Fish Chowder
Fish Chowder
Marc d'Entremont,

Growing up between Philadelphia and my family’s ancestral home along the Bay of Fundy French shore of Nova Scotia (Acadia) I ate a lot of fish. Fish and seafood came in every variety even for breakfast – classic smoked haddock for Finnan Haddie. By early adulthood even McDonald’s was offering the McLobster roll.

Fish chowder has remained a constant comfort food. The way my father prepared the dish it had half the ingredients of my variation, but then as my grandmother once stated, he had “simple yet expensive taste” – the best ingredients unadorned. I became a chef and through the influence of my 6th generation New Orleans wife, discovered the more flavorful cuisine of my Cajun cousins.

Although this recipe stays true to the basics of fish chowder – salt pork, onions, celery, potatoes, cream, fish, salt and pepper – over my career I’ve embellished the recipe. Scallions, sweet peppers and paprika add both flavor and color. Dried basil in a soup or chowder is as important to me as salt.

Cilantro has been a love since my years living in the Caribbean and the stems are often ignored yet bursting with flavor that compliment fish and seafood without overpowering. Dried shrimp is a Cajun specialty that add intense flavor enriching the fish or seafood stock along with fresh shrimp shells. Mace has been a lost spice in savory dishes which I rediscovered studying historic recipes. Its warm, subtle flavor enhances any fish or seafood dish.

Fish Chowder – 8 generous servings


  • 4 oz. salt pork, diced
  • 1 large or 2 medium sweet (Vidalia, Walla Walla) onion, chopped
  • 3 tablespoons sweet butter
  • 3 cloves garlic, minced
  • 1 bunch scallions, chopped
  • 1 sweet red or orange bell pepper seeded and chopped
  • 2 large or 3 medium carrots, peeled and diced
  • the stems from one bunch of cilantro chopped (not the leaves – cut the stems just below the start of the leaves)
  • 3 large or 4 medium stalks celery, chopped
  • 3 to 4 large potatoes (approximately 1-1/2 pound) peeled & diced (place in a bowl of cold water until ready to use to prevent browning. Drain water before adding to chowder)
  • 1/4 pound (4 ounces) raw shrimp in the shell
  • 1-1/2 to 2 pounds (24 to 32 ounces) firm fresh boneless & skinless white fish fillet such as cod, haddock, halibut or a combination
  • 1 quart fish or seafood stock
  • 1 generous tablespoon dried shrimp (readily available in Asian food stores)
  • 1 quart half & half
  • 1/4 teaspoon dried basil
  • 1/2 teaspoon sweet paprika
  • 1/8 teaspoon ground mace
  • salt & white pepper to taste (do not use black pepper)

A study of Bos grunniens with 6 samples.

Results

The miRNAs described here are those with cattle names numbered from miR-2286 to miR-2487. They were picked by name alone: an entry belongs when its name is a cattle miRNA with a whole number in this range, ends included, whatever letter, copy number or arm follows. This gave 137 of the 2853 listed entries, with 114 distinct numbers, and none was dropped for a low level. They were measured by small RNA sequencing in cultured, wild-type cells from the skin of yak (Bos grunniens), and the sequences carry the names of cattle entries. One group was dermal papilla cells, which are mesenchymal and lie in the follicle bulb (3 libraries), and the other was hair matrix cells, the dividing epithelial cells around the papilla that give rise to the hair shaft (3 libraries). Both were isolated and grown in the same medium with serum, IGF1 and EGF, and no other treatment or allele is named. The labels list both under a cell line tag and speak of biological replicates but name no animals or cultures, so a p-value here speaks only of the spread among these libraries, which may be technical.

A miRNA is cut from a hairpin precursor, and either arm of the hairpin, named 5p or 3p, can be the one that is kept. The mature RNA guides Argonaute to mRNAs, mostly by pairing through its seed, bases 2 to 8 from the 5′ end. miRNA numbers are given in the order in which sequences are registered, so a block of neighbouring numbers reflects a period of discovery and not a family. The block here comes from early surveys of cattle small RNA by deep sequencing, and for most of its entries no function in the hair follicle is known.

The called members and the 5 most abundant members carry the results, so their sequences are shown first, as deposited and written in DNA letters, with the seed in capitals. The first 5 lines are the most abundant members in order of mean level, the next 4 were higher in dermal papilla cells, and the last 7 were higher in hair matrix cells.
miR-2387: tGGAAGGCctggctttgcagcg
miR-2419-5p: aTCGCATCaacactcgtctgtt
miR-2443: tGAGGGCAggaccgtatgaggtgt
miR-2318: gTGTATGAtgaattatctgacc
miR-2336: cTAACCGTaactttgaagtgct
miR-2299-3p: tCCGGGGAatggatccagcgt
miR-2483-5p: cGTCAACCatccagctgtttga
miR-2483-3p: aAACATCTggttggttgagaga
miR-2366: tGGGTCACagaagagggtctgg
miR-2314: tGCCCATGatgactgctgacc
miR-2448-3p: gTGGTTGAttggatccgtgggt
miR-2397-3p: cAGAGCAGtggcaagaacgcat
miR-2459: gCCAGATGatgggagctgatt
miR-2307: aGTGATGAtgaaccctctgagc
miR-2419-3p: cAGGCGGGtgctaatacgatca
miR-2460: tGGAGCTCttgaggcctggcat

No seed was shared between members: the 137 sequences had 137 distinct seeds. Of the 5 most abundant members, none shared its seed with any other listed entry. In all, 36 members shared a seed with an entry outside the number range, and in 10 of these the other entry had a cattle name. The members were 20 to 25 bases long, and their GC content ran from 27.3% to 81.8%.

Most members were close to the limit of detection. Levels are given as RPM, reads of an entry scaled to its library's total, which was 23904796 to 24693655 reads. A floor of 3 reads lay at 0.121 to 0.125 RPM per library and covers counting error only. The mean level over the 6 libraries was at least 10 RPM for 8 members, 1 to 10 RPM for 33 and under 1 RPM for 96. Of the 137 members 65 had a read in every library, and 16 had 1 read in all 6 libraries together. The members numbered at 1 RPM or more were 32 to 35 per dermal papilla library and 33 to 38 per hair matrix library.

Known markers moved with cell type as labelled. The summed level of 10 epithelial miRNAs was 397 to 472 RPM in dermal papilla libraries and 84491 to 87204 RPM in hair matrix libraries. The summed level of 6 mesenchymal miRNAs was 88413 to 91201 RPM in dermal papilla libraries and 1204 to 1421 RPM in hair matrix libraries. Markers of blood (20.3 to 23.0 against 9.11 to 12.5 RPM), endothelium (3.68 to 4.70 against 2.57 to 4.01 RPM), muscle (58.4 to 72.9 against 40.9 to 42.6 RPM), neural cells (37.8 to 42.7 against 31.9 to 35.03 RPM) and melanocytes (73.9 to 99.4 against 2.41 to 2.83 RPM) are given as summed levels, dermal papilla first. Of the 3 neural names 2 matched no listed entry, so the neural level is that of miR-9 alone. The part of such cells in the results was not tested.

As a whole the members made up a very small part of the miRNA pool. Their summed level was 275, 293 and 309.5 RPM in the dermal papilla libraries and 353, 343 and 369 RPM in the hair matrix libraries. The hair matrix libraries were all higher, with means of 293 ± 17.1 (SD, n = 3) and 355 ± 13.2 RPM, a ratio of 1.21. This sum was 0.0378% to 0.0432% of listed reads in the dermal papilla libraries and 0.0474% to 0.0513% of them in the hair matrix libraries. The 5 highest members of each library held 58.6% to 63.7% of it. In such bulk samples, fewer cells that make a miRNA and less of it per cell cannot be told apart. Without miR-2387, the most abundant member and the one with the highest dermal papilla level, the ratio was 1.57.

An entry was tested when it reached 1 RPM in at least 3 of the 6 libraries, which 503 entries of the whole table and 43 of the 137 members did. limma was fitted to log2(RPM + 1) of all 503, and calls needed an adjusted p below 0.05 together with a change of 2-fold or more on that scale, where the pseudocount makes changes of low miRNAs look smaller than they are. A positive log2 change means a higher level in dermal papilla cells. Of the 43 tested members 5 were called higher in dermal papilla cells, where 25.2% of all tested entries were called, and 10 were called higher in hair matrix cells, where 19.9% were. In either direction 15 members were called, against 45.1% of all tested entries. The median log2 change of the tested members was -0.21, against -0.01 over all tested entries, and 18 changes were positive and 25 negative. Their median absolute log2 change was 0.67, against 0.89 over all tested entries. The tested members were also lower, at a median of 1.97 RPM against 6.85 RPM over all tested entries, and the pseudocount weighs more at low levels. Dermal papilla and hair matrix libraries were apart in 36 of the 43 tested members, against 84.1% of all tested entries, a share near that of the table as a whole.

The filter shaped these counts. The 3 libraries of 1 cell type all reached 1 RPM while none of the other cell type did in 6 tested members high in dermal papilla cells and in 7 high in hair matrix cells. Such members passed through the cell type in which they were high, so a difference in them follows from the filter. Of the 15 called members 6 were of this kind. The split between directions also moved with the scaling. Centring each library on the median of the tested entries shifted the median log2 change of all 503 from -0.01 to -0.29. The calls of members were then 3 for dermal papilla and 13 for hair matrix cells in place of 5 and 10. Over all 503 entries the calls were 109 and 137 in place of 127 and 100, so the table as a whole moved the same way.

1. Dice the salt pork and place in a skillet. Over low heat, fry the pork for 20 – 30 minutes until all the fat is rendered and the pork dice is dry and light brown. Remove the pork with a slotted spoon, discard but reserve the fat.
  2. Prepare all the vegetables.
  3. Peel the shrimp and reserve the shells. Slice each shrimp into 3 pieces.
  4. Cut the fish fillets into cubes and refrigerate both the shrimp & fish until needed.
  5. In a 2-quart saucepan, add the seafood or fish stock and the shells of the shrimp. Cover and bring to a simmer over medium heat. Simmer gently until ready to use but at least 15 minutes.
  6. Add the reserved pork fat to a large heavy pot (8-quart) and the butter. Melt over medium heat. Add the onion, celery and dried basil and cook, stirring occasionally, until onion is turning translucent, 5 to 7 minutes – do not brown.
  7. Add the scallions, bell pepper, garlic, cilantro stems and carrots. Stir and cook for 5 minutes more.
  8. Drain the potatoes, add to the vegetables and stir to combine.
  9. Strain the stock, discarding the shrimp shells, and add to the vegetables. Add the dried shrimp. Cover and bring to a simmer. Cook until the potatoes are just fork tender – approximately 8 - 10 minutes.
  10. When the potatoes are cooked, add the cubed fish and the chopped shrimp. Bring back to a simmer, cover and gently cook for 5 – 8 minutes.
  11. While the chowder is simmering, pour the half & half into the saucepan used to heat the stock. Over medium low heat, bring just to a simmer.
  12. Add the hot half & half, paprika and mace. Stir and simmer for an additional 5 minutes.
  13. Ladle into bowls and garnish with chopped cilantro and a sprinkle of sweet paprika.

This recipe makes enough chowder for at least eight servings, but even if that’s more than you believe you want, allowing the chowder to cool and sit for a day or two in the refrigerator only enhances the flavors. Reheat on the stove or microwave, enjoy the aroma and envision fisherman on the Grand Banks.